A landscape carved out by kilometer-thick ice during the last ice-age, leaving thousands and thousands of islands, islets and skerries for you to explore. We show you how.

Stockholm Archipelago is Sweden’s largest archipelago, and the second largest in the world, the largest being across the Baltic Sea in Finland. It is often discussed how many islands and islets Stockholm Archipelago really consists of. It depends on how you define what an island is (how small it can be), and where you draw the boundaries of where Stockholm Archipelago starts and stops, the archipelago continues to extend both to the north and south.

Typically, we say that the Stockholm Archipelago extend from Stockholm city (which is itself built on a bunch of islands) and roughly 60 kilometers (37 miles) to the east until we reach the open sea. North to south it is about 150 km from the island Arholma in the north to the island of Landsort in the south. Within this area, we count about 24 000 islands and islets.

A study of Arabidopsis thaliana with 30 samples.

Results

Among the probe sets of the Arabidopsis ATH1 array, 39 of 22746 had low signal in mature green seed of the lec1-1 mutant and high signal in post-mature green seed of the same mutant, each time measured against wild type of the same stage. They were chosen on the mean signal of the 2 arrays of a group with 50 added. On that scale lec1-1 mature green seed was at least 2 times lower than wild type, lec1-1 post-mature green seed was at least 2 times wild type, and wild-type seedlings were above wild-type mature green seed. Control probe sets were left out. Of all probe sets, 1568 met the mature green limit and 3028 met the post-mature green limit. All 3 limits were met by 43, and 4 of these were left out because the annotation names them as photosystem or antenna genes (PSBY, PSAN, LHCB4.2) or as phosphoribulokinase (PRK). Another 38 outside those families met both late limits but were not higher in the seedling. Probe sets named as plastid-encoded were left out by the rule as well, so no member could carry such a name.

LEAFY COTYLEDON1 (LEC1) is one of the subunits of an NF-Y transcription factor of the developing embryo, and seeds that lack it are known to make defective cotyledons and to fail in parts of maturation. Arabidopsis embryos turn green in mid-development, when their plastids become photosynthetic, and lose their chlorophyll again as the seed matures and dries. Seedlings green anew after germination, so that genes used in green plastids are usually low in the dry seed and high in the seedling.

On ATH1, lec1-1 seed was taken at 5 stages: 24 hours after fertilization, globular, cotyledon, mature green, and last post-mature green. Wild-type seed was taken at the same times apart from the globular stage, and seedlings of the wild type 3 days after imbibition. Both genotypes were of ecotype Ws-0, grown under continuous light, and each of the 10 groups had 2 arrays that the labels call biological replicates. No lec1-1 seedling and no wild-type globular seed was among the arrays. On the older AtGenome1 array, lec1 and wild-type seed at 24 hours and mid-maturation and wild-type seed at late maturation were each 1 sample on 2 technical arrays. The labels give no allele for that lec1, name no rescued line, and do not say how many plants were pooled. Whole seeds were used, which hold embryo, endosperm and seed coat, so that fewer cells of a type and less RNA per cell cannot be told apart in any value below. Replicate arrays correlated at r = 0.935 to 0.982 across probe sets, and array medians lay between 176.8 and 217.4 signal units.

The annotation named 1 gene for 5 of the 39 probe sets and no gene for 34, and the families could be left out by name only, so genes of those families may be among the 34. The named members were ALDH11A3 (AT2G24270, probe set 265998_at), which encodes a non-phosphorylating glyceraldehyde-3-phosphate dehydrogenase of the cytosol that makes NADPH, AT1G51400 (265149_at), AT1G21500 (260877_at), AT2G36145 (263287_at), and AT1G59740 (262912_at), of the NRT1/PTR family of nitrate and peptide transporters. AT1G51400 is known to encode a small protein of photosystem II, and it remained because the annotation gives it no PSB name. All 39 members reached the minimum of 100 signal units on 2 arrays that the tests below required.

In Sweden we have many names for islands depending on their size and shape. Ö, halvö, holme, skär, kobbe, sten. In English, the most suitable words are probably island, islet and skerry. The Swedish word for archipelago is “skärgård”, which roughly translates to “Garden of Skerries”. There are a lot of them, and they typically lie in groups with some larger islands in the middle and then smaller ones around it.

Our tours start and end at the best starting points in the central archipelago. From here you will easily reach many of the more well-known islands such as Grinda, Gällnö, Hjälmö-Lådna, Ingmarsö, Svartsö, Finnhamn, Möja, Harö, Sandhamn, Runmarö, Bullerö, Långviksskär and Nämdö. However, you will also be close to all the smaller uninhabited islands, islets and skerries, some so small they do not have a name.